When St. Paschal died, factional feeling which had flared up in the killing
of Theodore and Leo, embittered the election. The nobles, who stood against
Paschal's independent policy, prevailed and secured the election of the
archpriest Eugene. Abbot Wala, a great minister of Charlemagne and Louis,
who was present in Rome at the time, threw his weight to Eugene. Eugene,
a spiritual man, may have been the candidate of a faction, but he was no
tool. As archpriest he had been in charge of Santa Sabina Church and had
an excellent reputation for learning and goodness.
Emperor Louis naturally was pleased at the election, and quick to seize the
favorable moment, sent his son Lothair to Rome to put imperial relations
with the papacy on a more favorable footing. The imperialist nobles were
now reinstated. Some were brought back from exile; others recovered
confiscated property. Lothair then arranged with the Pope a Roman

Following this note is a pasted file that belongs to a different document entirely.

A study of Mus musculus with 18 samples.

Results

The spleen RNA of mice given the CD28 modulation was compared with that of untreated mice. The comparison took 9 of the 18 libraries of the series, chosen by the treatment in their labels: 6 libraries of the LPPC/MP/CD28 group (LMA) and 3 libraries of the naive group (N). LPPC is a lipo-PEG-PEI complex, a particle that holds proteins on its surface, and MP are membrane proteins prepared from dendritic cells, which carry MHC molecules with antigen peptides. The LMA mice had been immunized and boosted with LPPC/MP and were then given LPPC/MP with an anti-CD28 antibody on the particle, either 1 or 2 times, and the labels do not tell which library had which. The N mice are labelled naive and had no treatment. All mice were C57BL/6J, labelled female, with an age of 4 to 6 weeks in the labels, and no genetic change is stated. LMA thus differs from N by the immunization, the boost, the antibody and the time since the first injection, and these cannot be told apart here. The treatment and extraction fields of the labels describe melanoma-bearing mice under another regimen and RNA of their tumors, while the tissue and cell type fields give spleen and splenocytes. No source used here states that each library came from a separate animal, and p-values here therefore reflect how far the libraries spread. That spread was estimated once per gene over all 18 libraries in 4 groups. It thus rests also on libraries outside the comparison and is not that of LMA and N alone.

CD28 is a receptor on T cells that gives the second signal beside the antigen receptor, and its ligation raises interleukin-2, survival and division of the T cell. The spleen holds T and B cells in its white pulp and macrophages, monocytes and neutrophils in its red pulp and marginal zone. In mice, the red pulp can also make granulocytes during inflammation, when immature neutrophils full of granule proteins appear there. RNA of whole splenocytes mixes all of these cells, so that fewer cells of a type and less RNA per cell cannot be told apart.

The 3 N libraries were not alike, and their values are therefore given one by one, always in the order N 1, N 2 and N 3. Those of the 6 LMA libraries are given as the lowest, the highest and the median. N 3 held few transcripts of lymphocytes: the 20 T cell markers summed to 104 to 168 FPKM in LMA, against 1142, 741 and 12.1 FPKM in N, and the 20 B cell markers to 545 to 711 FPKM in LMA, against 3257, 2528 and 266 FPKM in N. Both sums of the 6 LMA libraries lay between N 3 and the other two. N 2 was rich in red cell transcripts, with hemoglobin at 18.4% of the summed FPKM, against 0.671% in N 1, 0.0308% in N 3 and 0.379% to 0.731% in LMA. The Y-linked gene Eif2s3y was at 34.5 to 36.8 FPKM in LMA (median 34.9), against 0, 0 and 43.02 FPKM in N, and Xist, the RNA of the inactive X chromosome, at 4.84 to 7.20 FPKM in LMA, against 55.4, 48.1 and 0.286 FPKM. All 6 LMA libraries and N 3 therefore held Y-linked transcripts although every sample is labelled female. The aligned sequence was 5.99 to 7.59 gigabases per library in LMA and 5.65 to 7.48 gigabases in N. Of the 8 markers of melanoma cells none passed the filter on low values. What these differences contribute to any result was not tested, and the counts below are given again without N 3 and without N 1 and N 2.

Constitution which definitely recognized the Emperor as overlord of Rome
while it conceded immediate temporal power to the Pope. Papal elections
were to be held correctly, but the newly elected pope could not be
consecrated until in the presence of imperial envoys he had taken an oath
of loyalty to this Constitution. The increasing weakness of the Carolingian
empire, however, doomed this Constitution to an early death.
The Eastern Emperor, Leo V, had been assassinated in 820. His successor,
Michael II, the Stammerer, though an image-breaker, at first showed an
inclination to compromise; but when he found out that the Orthodox had no
wish for compromise with heretics he resumed the persecution. St. Theodore
Studites had written to him urging the Emperor to consult the Pope as head
of the Church. Michael did write to Pope Eugene and to Emperor Louis the
Pious, but nothing came of the matter. Louis had some Frankish bishops
study the matter, and they, still misunderstanding the acts of the Seventh
Ecumenical Council, wrote an attack on the straw men their imaginative
ignorance had constructed. Naturally this was no help in clarifying ideas
In 826 Pope Eugene held a council at Rome which passed thirty-eight canons,
most of them concerning reform. Simony was strictly forbidden; churches
destroyed by war were to be rebuilt; schools were to be opened in all
Archbishop Abbo had given up the work of converting the Danes, but the
great St. Ansgar stepped into his place. Pope Eugene encouraged the Apostle
of the Scandinavians and commended him to all Catholics.
Eugene died in August, 827.
Excerpted from "Popes
Through the Ages" by Joseph Brusher, S.J.